Federation baseball clubs facing many of the same challenges as schools

By Teddy Rydquist

Review Sports Contributor

Consisting of eight teams spanning six different age groups, the Orion Chargers Baseball Club has long been a pipeline for some of Lake Orion High School’s top talent during their developmental years.

Like nearly every other sporting activity in the United States, the organization has had to make alterations to their 2020 plans in the wake of the coronavirus (COVID-19) pandemic.

On March 17, the Chargers’ hopes of starting their season soon were dealt a major blow when the United States Specialty Sports Association (USSSA) announced the immediate suspension of all sanctioned tournaments.

“In light of the most-recent federal recommendations regarding COVID-19, USSSA has made the difficult decision to suspend the sanctioning of events in the United States and Canada until further notice,” Chief Executive Officer Donny DeDonatis III said in a prepared statement.

“This is for the health and safety of our players and our tournament personnel. USSSA will evaluate this decision weekly and determinations of when to resume sanctioning in each area of the country will be made in conjunction with state directors and their local government agencies … We look forward to facilitating the return of sanctioned competition for all as soon as possible.”

Formed in 1968 and headquartered in Viera, Florida, the USSSA held their first baseball World Series, now an annual event for ages five through 14, in 2004.

Consisting of more than 3.5 million member players throughout their history in the United States and Canada, teams participate in USSSA-sanctioned tournaments, earning points based on where they finish. Using this points system, teams can qualify to participate in the USSSA World Series.

To ensure high-levels of competition, USSSA State Directors also divide their members into four divisions. Using a model similar to the one in Major League Baseball, the “Major” division is the top competitive teams in the country, while the “AAA” division is typically more middle of the pack competitive squads, ranging down to the “A” division, made up almost exclusively of recreational teams.

While Mother Nature has been largely cooperative in 2020, the Chargers organization had already taken steps to prepare before the official USSSA announcement was handed down.

“Before the schools even stopped, we had suspended all practices and activities,” Chargers President and 11-and-under (11U) head coach Mike Skelton shared.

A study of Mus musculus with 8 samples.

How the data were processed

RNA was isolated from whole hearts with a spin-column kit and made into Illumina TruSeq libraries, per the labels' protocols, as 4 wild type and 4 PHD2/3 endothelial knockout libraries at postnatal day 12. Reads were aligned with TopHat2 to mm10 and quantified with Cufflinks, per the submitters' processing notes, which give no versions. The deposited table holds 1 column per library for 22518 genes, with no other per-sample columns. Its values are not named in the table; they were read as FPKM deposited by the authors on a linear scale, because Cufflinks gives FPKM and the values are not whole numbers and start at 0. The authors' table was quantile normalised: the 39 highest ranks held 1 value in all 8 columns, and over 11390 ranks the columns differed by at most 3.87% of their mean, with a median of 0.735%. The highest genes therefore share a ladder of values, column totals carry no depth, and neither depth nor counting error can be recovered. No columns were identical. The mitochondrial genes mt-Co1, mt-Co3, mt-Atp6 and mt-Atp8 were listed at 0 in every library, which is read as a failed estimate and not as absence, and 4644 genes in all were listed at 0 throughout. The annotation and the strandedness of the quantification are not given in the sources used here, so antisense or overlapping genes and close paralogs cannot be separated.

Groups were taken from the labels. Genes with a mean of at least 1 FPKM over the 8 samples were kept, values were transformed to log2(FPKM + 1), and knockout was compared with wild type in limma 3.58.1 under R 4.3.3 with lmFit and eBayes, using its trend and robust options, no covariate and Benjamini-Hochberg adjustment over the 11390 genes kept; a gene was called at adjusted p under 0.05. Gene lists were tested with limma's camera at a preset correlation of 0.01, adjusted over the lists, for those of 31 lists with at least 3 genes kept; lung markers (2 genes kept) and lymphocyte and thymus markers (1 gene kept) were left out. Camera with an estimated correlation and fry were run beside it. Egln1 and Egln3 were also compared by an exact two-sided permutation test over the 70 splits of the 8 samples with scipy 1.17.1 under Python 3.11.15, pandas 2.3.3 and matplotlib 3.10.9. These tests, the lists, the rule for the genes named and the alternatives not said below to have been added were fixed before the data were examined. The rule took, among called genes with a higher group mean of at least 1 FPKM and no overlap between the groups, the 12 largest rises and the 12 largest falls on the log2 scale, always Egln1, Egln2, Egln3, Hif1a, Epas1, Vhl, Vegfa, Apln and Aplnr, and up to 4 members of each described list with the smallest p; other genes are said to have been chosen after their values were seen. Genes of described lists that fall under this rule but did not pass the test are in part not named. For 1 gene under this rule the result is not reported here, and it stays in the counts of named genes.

“Once the schools shutdown, that really made it official and a lot of the athletic facilities shutdown shortly after that.

“As far as the USSSA, I think they had to do what they did because they run tournaments all over the country and they start right about now, late-March, early-April. I know Donny (DeDonatis III) said they’re going to evaluate it week-by-week. We’re thinking April is probably shot, but we’re hoping we can get the boys back out there sometime in May.”

Charger teams of all levels participate in various tournaments throughout the state of Michigan, the Midwest, and even other areas of the country. The most prestigious trip, however, is the annual 12U voyage to Cooperstown Dreams Park in Otsego County, New York.

Spanning June 6-August 29, Cooperstown Dreams Park runs tournaments in 13 consecutive weeks and attracts some of America’s top 12-year-old talent to their hilly, scenic countryside. For example, long before he was winning the National League’s Most Valuable Player Award with the Washington Nationals, Bryce Harper played at Cooperstown as a 12-year-old catcher.

Many other recognizable sports figures have played in these same tournaments, including Odell Beckham, Jr., Gerrit Cole, Anthony Rizzo and Mike Trout.

With only a select number of spots for teams available, the trip to Cooperstown Dreams Park is often the culmination of years of preparation and planning for coaches and parents. While separate from the USSSA, the tournament announced the cancelation of their entire 2020 season on March 20, as well.

“In the best interest of our country, state, local community, local partners, umpires and most importantly, our employees, players and their families, whose health and safety we are obligated to protect, Cooperstown Dreams Park has deemed it necessary to cancel the 2020 season,” the business said in a statement released on their website.

Cooperstown Dreams Park is offering all registered teams a 100 percent refund. The complex, which features 115 barracks for players and coaches to stay on-site during their tournaments, has offered their facilities to the state of New York to help combat the COVID-19 pandemic.

Even with the suspension of all team-related activities and the cloudy immediate future, Skelton reminded Charger players there are ways to put this down time to use.

“We’re encouraging kids to get their repetitions in at home,” he said. “Hit the nets, our hitting coach, Casey Smith, has provided us with videos of drills the kids can do at home and we’ve shared those videos on our Chargers family Facebook page.

“This doesn’t stop the kids from playing catch, playing long toss, getting their work in at home.”

Skelton’s 11U team will participate exclusively in tournaments but other Charger teams, including Kevin Senko’s 8U squad and the 12U team coached by Mike Oliver, are members of the North Oakland Baseball Federation (NOBF).

The NOBF has suspended all operations, as well.